L.A. centers offer free services during National HIV Testing Day
In recognition of National HIV Testing Day, celebrities, politicians, and hip-hop and health groups are urging people to find out their status. Through Twitter and other social media sites, they have been promoting the nationwide event.
In Los Angeles, AIDS Project-Los Angeles will have free testing booths available in various Walgreens, and the AIDS Healthcare Foundation also is offering free testing in its vans and walk-in clinics as well as in its secondhand outlets, Out of the Closet.
Both L.A. advocacy organizations have websites where people can find their nearest clinic.
Ged Kenslea, the spokesperson for AIDS Healthcare Foundation, said that the organization has vans that can go to anyone’s neighborhood to offer free tests. That way, “nobody really needs to know your business,” Kenslea said.
But for every status people share today on Facebook, Twitter and Instagram with the hashtag #KnowYourStatus, the makers of LifeStyle condoms will donate a condom to the foundation to help prevent the spread of HIV.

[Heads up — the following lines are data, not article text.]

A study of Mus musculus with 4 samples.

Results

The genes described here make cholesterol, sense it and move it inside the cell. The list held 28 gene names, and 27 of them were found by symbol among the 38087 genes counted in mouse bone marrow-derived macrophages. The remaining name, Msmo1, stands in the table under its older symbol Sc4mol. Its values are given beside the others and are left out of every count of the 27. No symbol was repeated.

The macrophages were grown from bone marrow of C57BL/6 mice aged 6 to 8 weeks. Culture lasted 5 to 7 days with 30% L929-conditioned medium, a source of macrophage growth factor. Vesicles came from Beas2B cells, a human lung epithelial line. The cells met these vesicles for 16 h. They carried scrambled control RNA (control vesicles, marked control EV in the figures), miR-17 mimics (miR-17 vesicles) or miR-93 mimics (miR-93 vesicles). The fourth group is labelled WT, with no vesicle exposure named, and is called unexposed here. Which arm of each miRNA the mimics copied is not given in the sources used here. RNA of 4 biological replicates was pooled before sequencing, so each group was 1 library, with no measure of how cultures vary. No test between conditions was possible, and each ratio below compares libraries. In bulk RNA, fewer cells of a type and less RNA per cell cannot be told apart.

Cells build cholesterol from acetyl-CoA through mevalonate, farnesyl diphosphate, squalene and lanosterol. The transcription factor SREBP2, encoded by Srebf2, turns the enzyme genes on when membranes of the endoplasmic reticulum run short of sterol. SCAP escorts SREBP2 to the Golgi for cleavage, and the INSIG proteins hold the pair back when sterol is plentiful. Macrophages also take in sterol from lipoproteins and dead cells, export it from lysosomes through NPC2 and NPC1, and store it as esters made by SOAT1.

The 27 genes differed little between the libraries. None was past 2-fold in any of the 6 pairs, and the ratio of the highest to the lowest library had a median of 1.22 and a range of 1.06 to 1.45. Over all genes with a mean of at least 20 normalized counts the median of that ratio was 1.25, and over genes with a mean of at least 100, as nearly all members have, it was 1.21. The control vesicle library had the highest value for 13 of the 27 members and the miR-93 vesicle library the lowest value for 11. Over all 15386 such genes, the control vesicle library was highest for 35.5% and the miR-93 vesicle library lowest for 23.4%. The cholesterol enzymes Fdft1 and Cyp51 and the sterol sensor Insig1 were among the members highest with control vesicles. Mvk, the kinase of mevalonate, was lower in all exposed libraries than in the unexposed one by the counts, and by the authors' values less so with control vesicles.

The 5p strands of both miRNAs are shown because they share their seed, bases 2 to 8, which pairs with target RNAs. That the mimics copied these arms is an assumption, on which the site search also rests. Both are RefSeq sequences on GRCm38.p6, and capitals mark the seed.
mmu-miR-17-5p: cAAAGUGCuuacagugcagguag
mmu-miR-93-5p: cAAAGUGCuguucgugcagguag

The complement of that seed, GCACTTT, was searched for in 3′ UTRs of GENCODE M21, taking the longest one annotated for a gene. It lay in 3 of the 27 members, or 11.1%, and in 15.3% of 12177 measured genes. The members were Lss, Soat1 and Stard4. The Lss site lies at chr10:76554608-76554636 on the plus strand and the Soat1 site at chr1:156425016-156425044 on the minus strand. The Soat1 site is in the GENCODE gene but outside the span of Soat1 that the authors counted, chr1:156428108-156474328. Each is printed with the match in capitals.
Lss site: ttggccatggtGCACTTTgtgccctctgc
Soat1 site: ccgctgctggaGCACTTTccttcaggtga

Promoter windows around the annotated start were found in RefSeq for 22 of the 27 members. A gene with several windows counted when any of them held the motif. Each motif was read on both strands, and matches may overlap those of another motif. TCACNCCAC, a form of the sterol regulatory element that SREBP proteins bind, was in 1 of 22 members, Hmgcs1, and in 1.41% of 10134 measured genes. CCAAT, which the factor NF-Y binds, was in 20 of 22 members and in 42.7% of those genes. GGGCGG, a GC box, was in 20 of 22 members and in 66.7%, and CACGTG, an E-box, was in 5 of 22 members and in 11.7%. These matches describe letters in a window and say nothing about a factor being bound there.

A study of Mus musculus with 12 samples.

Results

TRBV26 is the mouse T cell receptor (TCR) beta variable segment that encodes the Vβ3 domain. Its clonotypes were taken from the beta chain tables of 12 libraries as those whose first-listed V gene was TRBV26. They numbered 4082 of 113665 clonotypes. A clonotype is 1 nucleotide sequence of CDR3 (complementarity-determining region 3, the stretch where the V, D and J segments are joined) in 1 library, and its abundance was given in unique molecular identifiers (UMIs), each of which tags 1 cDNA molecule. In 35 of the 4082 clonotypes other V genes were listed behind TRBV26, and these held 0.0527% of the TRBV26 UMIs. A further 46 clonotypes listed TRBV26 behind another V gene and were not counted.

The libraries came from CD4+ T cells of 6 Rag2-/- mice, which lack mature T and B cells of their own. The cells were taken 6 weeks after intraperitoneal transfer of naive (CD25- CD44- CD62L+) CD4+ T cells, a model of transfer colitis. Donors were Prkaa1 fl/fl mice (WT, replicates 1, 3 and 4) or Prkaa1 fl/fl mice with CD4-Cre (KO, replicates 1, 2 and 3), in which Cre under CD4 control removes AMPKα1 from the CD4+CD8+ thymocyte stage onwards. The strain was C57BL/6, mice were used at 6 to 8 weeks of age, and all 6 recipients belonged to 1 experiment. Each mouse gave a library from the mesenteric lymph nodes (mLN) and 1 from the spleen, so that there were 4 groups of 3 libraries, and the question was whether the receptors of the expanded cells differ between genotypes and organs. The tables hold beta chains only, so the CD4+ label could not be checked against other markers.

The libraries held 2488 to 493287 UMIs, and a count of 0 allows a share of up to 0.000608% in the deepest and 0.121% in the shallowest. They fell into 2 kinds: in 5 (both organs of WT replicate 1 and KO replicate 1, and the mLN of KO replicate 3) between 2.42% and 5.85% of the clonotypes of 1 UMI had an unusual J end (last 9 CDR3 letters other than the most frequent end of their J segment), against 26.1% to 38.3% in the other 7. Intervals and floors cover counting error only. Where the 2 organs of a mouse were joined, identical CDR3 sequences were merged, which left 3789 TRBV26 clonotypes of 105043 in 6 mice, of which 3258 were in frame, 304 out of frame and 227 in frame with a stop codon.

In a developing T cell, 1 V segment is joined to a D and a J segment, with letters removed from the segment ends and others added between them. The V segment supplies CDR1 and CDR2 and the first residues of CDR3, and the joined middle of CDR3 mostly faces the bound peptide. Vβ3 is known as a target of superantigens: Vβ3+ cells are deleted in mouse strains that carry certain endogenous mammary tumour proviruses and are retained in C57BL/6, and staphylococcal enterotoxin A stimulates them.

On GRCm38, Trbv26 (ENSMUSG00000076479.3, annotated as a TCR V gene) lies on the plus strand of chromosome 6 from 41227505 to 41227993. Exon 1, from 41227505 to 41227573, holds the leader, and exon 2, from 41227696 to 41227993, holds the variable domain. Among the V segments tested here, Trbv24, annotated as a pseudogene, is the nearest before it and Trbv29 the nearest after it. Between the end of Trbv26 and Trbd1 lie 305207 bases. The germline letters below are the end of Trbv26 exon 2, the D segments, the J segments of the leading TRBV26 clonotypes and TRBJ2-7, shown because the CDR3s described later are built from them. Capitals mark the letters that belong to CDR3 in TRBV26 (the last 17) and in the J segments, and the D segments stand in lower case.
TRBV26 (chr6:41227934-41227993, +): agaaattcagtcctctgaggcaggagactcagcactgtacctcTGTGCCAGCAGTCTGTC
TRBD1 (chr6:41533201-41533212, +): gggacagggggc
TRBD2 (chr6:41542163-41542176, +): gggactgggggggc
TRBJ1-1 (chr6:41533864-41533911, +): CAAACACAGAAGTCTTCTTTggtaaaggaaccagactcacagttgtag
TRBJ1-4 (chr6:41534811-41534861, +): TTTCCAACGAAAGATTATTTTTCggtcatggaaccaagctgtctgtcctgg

One in five people in the United States is living with HIV and doesn’t know it, estimated the Centers for Disease Control and Prevention, meaning about 1.2 million people are HIV positive. What’s more, 60% of people who do know are not receiving regular, reliable medical care, according to the HIV Medical Assn.
This reality is disproportionately affecting women, black and Latino people, and people living in rural communities. And stigma is largely to blame.
“There’s still a lot of fear,” said Lawrence Lowery, a medical assistant at the HIV outpatient unit at San Francisco General Hospital. Lowery said one reason people are not finding out their status is a fear they’re going to die if their test comes back positive.
But an HIV-positive diagnosis is not a death sentence, he said, explaining that new technology and medications make it possible to live a long, healthy life. He added that not knowing doesn’t stop HIV from existing, but it does reduce someone’s chances of living longer. It also increases the chance that someone will spread the disease to others.
The stories shaping California
Get up to speed with our Essential California newsletter, sent six days a week.
You may occasionally receive promotional content from the Los Angeles Times.